War of the Rebellion: Serial 080 Page 0095 Chapter LII. THE RICHMOND CAMPAIGN.


Question. Were you with General Meade during the assault on the 30th of July?

Answer. I was.

Question What was the substance or language of a dispatch which he received from Lieutenant-Colonel Loring, assistant inspector-general of the Ninth Corps, but addressed to General Burnside, about 5.45 a. m. of that day?

Answer. The substance of the dispatch was, that some of the troops there, I think Ledlie's division, were in the crater and would not go forward, and asking that some other division of some other troops should be sent to go forward to the crest. The main point with me, however, was that his troops were in the crater and were not going forward as they ought to have done.

Question. Relate what passed at the interview between General Burnside and Generals Grant and Meade after the former had been directed to withdraw the troops from the crater and prior to the withdrawal of the troops.

Answer. I recollect the directions to General Burnside, which were that if he could not withdraw his troops with security during the day they should be withdrawn at night; that he best time for the withdrawal of the troops he himself should be the best judge of. My impression is that General Burnside did not wish to withdraw them. He certainly so expressed himself to me after General Meade left, for I did not leave the headquarters of General Burnside the same time as General Meade, but remained there a short time. I do not know whether he so expressed himself to General Meade and General Grant of not. I thought I understood the conditions that existed there, and there was no question in my mind as to the necessity of withdrawing them.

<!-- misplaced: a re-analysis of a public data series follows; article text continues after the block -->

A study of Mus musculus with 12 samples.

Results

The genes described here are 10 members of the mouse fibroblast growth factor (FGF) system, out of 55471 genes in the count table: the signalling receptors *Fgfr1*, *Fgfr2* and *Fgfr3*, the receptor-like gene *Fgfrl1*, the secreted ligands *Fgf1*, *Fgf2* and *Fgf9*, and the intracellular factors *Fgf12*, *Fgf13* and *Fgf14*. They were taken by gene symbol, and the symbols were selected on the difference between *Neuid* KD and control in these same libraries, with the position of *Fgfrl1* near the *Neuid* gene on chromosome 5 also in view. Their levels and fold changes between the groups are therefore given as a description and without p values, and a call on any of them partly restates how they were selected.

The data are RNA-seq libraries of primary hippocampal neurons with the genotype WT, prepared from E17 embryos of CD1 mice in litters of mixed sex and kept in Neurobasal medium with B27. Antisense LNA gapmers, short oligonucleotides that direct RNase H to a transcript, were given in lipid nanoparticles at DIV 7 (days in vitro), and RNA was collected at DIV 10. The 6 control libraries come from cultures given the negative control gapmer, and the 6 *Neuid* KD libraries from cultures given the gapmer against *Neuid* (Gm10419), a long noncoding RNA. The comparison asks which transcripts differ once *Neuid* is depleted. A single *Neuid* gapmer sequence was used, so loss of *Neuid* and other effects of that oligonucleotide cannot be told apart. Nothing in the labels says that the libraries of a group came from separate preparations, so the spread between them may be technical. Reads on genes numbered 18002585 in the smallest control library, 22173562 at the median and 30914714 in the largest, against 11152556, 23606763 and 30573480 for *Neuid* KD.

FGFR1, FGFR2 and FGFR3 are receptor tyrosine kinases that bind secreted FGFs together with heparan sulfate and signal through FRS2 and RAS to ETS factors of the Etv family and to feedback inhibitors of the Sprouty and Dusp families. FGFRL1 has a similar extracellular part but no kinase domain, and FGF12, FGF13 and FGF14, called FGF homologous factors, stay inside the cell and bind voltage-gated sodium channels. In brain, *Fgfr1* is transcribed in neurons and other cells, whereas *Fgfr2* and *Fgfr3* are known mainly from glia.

Question. Did you understand it to be his wish to maintain his position in the crater?

Answer. I did not pay much attention to what he said to General Meade and General Grant, but he so expressed himself to me afterward; but inasmuch as he stated no facts which put a different aspect on the condition of things I did not consider that he gave very good reasons for his wish. He certainly differed from General Ord.

Question. Did you hear General Ord give any opinion as to the probable success of carrying the crest if persisted in for a captain time, and, if so, what was it?

Answer. I heard him then or before express the opinion that the time was past; he was averse to it. I did not pay so much attention to what was said at that time, for the reason that the facts were all known and the conclusions come to in regard to them.

Question. Were you at the fourteen-gun battery near which General Burnside had his temporary headquarters on that day?

Answer. Yes; I rode out there. I think it was between 10 and 11 o'clock when I rode out there. I had been there before, and am somewhat familiar with the ground.

Question. Could anything ge seen from there with sufficient distinctness to have enabled the commanding general to give orders other than he did from the point occupied by him?

Answer. I think not. I do not think it made any difference whether he was there or whether he was at the point he occupied. In the gratification of a personal wish to see, simply, he might have seen something more, but it would not have made any difference in the conclusions arrived at. He would have understood matters as thoroughly where he was as if he had seen them.